Battleland

The Securitization of Instability


An Afghan farmer's field planted with 82nd Airborne paratroopers in Ghanzi province, in June.

Having escaped Iraq after eight years, now mired in the nation’s 12th year in Afghanistan, Americans are probably ready for a book looking at the kind of missions the U.S. military has taken on post-9/11. They’re not pure combat, declare victory and come home – like 1991’s Gulf War – but neither are they an armed version of the Peace Corps. They straddle that messy divide where body counts mean little and winning hearts and minds can prove elusive.

Jennifer Morrison Taw is assistant professor at California’s Claremont McKenna College, teaching international relations, security studies, and U.S. foreign policy. She spent a decade at the Rand Corp., where she focused on counterinsurgency, counterterrorism, and peacekeeping. Given that background, she’s well-suited to assay what one reviewer calls the ‘securitization of instability’ in Mission Revolution: The U.S. Military and Stability Operations. Battleland conducted an email chat with Taw earlier this week.

Why did you write Mission Revolution: The U.S. Military and Stability Operations?

I had been working on issues related to operations other than war and stability operations for a long time. When Department of Defense Directive 3000.05 elevated stability operations to a primary mission it struck me as deeply significant.

How much of a change did the Pentagon go through in 2005 when it embraced operations-other-than-war?

I know others disagree, but I think the changes in doctrine, training, education, and procurement indicate that it went through a pretty big change, a real, substantive change that reflected the reversal in the military’s attitude about its mission.

Is this the right role for the U.S. military? Why or why not?

I understand the appeal of using the military, given all of its inherent advantages. I think, though, that crossing that final line into traditionally-civilian roles is bad for the military, bad for civilian agencies, and ultimately bad for policymakers as it changes their foreign policy toolbox.

When it comes to stability ops, does the U.S. have the right balance between civilian and military efforts?

Oh, I don’t think so.

But then I think stability operations themselves reflect an overly ambitious approach to foreign policy. Civilians do not have the resources, manpower, or, frankly, charge, to do stability operations; the military now does, but that reflects a shift from the armed forces’ traditional purview onto a slippery slope where everything becomes a military responsibility.

What are the key lessons for the country stemming from our lengthy presences in Afghanistan and Iraq?

Toppling governments is a hazardous business.

For the U.S. to make its own foreign policy success contingent on building another country from the ground up is, at best, problematic. The costs to our armed forces, our economy, and our image abroad have been very high for a questionable payoff.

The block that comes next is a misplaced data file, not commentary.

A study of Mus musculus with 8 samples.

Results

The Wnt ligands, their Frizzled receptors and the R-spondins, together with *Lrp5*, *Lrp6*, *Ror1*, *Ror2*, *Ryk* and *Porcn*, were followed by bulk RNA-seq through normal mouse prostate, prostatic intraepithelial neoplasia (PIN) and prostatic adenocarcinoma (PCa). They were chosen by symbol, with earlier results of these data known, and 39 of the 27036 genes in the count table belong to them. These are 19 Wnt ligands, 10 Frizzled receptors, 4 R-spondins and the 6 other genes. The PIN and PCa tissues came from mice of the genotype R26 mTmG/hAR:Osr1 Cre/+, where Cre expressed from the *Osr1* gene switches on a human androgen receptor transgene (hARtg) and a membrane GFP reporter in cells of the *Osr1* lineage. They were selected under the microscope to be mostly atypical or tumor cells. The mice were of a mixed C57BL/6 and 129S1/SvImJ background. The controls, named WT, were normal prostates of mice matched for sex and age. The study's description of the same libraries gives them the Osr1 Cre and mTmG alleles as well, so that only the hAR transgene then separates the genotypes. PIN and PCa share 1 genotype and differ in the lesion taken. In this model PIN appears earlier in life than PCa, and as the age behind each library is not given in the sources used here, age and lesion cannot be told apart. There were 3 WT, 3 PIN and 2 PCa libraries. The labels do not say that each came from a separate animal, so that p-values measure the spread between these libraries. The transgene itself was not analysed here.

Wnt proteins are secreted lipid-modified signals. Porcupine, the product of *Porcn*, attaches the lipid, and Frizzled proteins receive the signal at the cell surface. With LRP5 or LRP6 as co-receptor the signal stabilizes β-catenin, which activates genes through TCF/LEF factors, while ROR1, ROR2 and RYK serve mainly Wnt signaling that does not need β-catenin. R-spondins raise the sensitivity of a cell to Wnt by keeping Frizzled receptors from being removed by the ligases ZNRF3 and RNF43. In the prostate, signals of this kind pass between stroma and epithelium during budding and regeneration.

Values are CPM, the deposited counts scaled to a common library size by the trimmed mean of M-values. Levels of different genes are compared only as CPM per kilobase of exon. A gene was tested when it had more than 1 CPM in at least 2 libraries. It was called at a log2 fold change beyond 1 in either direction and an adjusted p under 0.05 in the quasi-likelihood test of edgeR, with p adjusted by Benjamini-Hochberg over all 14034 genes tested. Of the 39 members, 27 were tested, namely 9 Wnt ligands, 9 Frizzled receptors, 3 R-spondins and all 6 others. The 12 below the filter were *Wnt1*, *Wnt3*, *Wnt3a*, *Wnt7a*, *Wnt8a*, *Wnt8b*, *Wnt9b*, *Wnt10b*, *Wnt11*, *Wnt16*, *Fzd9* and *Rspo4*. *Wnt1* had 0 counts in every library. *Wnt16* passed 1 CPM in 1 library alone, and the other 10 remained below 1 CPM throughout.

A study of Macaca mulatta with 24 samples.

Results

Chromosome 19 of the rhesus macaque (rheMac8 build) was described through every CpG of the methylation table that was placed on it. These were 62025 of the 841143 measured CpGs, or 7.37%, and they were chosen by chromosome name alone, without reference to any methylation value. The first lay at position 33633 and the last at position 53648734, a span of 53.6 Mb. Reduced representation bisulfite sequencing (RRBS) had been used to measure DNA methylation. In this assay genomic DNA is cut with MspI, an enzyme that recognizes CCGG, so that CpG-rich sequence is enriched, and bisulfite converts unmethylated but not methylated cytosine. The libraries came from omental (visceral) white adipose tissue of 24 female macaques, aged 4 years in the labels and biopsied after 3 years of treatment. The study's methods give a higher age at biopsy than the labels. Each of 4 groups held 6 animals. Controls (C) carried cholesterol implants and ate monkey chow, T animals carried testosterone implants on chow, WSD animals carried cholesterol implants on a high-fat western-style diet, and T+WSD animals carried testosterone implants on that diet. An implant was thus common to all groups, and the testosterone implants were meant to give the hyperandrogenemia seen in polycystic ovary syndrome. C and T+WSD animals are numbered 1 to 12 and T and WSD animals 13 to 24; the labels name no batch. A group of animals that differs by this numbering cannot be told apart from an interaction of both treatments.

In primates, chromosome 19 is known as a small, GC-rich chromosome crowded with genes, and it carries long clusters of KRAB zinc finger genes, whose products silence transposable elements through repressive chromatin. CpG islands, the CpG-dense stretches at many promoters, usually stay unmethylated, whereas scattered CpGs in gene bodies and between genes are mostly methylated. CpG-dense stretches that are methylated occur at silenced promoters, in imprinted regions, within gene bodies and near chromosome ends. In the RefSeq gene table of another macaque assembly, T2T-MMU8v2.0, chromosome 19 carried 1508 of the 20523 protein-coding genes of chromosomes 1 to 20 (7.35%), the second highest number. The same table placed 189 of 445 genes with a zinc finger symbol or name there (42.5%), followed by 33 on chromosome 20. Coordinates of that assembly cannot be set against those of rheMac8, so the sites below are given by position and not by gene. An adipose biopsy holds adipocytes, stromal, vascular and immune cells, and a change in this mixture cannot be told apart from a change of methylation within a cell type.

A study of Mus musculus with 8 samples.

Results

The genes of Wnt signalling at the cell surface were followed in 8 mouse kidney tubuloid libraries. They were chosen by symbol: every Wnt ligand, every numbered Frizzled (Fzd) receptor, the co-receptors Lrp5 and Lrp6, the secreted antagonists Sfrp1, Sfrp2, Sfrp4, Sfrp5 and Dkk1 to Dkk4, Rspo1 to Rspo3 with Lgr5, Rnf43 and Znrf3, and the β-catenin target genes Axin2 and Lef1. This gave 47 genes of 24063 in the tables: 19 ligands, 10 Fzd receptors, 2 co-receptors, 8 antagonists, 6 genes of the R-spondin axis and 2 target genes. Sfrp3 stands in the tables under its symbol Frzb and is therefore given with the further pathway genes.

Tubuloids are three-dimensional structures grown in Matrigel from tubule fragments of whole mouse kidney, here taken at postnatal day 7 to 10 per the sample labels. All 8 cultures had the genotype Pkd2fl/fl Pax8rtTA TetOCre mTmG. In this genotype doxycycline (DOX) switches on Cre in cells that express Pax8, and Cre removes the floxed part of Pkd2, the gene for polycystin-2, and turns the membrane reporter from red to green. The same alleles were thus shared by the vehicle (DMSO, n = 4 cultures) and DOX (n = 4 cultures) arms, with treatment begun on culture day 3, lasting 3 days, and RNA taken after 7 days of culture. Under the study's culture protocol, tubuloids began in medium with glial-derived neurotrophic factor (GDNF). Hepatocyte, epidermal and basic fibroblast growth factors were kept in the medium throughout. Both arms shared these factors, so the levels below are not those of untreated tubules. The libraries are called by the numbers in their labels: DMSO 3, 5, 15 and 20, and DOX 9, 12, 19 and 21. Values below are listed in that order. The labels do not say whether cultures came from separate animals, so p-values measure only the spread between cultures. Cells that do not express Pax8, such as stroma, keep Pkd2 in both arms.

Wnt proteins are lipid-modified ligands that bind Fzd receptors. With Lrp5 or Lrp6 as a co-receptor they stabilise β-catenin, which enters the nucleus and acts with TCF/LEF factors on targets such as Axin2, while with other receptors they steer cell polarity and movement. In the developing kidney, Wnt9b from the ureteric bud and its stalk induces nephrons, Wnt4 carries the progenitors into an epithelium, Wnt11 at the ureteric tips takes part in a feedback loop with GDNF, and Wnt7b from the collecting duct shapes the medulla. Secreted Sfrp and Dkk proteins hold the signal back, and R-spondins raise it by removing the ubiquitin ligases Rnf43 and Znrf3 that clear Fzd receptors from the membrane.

I think very few people would argue that either Iraq or Afghanistan is in a good place right now.

Are stability ops the same as nation-building? If not, spell out their differences.

The term stability operations is used in many ways. Some people do use it to refer to nation-building, but it is really a category of operations undertaken to promote stability, including security and economic and political growth.

Such operations are employed across the spectrum of conflict, during peacetime as well as during and in the aftermath of war, to help shape the environment to promote peace.

Nation-building as a term very specifically refers to developing a country’s economy, political institutions, and security forces; stability operations will be a part of this.

Columbia University Press

Is it right to think the U.S. under-estimates the costs – of all kinds – associated with such missions. If that’s true, why?

There are plenty of people who understand the costs of such missions; whether their voices are the ones being heard by policymakers will depend on a range of circumstances.

Does the American character — isolationism and other strains — work against these kinds of efforts?

Polls today are, unsurprisingly, showing that Americans are averse to foreign adventures, but that fluctuates.

Under the right conditions, Americans can be sold on deployments for stability operations in the name of the responsibility to protect, humanitarian crises, disaster relief, and even promoting stability.

Whether the American public will have the stomach for long, drawn-out operations, though, is a separate question. Some stability operations — disaster relief, friendship tours, etc. — are relatively low-cost and have defined end states. Those are not controversial.

Where the controversy arises is when troops are deployed to conduct operations for which the political objectives are murky, the desired end states are unclear, the measures of effectiveness are undetermined, and the costs are high.

That doesn’t mean we won’t get into those, though; it just means that there will be pressure to get out before the job is done, assuming it could ever be.